Dr. Anthony Fauci, one of the leading experts on the White House’s Coronavirus Task Force, said Americans should “assume” a new, more contagious strain of the virus first detected in the U.K. is already in the U.S.
The new variant found in the U.K. first appeared in November and reportedly accounts for 60% of recent infections in London, according to the Centers for Disease Control and Prevention.
The CDC warned that it may be “better fit to spread in humans,” that it “mutates regularly,” and that it could “potentially be more rapidly transmissible than other circulating strains.”
Though health experts have not detected the new strain in the U.S. yet, Fauci said it is “certainly possible” that it is already here and that Americans should act as if it is.
“When you have this amount of spread within a place like the U.K., you really need to assume that it’s here already. … It certainly is not the dominant strain but I would certainly not be surprised at all if it is already here,” he said.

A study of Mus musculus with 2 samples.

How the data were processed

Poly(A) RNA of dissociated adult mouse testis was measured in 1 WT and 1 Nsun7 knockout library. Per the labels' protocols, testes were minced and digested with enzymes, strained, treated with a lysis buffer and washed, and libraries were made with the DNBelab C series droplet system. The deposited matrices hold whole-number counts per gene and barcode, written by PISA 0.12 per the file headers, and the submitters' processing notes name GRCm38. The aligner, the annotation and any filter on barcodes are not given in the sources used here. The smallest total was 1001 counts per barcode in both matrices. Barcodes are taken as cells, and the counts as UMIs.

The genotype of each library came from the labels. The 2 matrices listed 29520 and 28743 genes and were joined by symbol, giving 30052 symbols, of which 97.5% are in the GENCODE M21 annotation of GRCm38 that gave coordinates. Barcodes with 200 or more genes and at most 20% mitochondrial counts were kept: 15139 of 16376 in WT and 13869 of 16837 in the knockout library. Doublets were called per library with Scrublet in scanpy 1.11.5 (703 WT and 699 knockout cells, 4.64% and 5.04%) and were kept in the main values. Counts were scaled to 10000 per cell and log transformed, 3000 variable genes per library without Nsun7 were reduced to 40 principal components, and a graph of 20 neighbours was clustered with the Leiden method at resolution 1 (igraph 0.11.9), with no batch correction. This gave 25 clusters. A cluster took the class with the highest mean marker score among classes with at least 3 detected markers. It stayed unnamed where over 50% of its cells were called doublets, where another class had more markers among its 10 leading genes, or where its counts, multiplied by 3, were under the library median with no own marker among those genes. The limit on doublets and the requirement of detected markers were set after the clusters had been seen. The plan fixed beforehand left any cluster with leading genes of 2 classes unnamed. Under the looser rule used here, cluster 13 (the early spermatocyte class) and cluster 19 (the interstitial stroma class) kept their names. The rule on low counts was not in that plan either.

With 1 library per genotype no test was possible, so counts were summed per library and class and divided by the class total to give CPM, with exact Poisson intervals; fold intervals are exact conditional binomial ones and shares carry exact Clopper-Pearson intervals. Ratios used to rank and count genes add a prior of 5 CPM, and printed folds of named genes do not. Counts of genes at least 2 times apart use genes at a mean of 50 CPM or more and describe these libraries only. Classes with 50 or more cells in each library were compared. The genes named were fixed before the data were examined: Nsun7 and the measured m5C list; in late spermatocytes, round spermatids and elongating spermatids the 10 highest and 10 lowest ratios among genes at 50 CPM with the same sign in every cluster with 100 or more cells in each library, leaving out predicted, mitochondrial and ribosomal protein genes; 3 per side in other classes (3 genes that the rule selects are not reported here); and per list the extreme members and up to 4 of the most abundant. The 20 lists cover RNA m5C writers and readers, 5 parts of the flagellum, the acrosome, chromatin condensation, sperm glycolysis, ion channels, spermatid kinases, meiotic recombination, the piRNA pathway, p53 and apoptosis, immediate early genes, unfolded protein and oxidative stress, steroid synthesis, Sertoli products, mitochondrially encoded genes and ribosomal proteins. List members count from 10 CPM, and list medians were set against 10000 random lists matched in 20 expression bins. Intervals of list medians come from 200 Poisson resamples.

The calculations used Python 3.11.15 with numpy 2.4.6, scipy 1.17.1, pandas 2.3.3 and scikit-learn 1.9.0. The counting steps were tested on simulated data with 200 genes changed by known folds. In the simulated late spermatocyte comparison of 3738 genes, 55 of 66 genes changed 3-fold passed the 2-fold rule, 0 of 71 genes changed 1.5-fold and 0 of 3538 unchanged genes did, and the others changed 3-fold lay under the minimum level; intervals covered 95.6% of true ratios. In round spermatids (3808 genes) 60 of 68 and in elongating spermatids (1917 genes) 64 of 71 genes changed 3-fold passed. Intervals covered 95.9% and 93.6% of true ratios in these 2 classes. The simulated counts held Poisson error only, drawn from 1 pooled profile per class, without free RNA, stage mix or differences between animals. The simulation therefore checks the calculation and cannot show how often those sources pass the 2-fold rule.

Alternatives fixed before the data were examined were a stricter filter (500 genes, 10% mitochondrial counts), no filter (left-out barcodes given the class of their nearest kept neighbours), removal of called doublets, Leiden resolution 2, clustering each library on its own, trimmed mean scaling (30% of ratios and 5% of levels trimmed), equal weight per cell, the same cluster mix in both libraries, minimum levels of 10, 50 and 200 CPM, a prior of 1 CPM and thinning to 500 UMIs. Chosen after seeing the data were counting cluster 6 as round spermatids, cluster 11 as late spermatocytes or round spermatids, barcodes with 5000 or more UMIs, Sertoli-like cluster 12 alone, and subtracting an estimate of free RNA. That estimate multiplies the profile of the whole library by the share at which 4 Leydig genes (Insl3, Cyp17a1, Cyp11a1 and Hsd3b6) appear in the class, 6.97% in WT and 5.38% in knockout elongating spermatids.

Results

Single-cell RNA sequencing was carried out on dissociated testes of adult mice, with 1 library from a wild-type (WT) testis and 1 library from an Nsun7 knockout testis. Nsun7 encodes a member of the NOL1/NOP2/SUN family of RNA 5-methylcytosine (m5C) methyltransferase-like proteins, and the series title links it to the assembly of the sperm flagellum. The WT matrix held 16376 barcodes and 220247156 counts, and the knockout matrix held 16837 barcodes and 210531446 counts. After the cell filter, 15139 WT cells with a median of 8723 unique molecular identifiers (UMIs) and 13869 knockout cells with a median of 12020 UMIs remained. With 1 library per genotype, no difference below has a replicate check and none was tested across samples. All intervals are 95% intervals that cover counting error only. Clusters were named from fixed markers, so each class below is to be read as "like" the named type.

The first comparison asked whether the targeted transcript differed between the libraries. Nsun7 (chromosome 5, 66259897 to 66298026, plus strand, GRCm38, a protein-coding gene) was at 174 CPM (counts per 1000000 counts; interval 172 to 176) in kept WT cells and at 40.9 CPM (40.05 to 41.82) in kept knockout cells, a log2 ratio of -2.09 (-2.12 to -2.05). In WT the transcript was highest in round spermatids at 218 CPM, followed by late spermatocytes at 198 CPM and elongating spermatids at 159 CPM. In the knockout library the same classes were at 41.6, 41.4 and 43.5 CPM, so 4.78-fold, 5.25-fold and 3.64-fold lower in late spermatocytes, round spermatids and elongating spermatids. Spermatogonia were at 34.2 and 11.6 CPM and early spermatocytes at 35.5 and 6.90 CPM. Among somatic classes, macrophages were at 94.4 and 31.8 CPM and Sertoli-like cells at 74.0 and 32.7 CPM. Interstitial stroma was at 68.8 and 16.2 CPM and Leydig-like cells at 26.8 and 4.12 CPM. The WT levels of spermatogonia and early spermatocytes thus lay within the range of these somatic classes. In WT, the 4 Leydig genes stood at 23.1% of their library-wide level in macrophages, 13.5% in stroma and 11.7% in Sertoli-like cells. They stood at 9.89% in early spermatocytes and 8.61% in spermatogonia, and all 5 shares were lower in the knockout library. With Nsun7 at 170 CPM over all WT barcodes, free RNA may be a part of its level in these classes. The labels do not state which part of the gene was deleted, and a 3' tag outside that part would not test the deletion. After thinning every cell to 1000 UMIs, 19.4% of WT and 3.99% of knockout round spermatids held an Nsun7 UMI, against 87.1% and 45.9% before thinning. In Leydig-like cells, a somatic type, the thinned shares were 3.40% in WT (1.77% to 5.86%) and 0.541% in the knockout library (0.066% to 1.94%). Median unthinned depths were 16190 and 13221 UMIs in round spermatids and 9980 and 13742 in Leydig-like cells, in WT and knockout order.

Dr. Anthony Fauci says it’s “certainly possible” that the new, virulent COVID strain in the U.K. is already in the United States — “you really need to assume it’s here already.” https://t.co/W39hzNlWx1 pic.twitter.com/tiz3xfhzRm
— Good Morning America (@GMA) December 22, 2020
When asked about potential travel bans from areas of the world that have new strains of the coronavirus, Fauci called such measures “rather draconian” and urged officials not to “overreact.”
“That’s a big difference than completely shutting off travel and banning travel completely, which is really a rather dramatic step. That’s not really in the cards right now,” he said.
The appearance of a new coronavirus strain could pose a risk to widespread vaccination, the CDC acknowledged.
“Among these possibilities, the last — the ability to evade vaccine-induced immunity — would likely be the most concerning because once a large proportion of the population is vaccinated, there will be immune pressure that could favor and accelerate emergence of such variants by selecting for ‘escape mutants,’” the agency explained.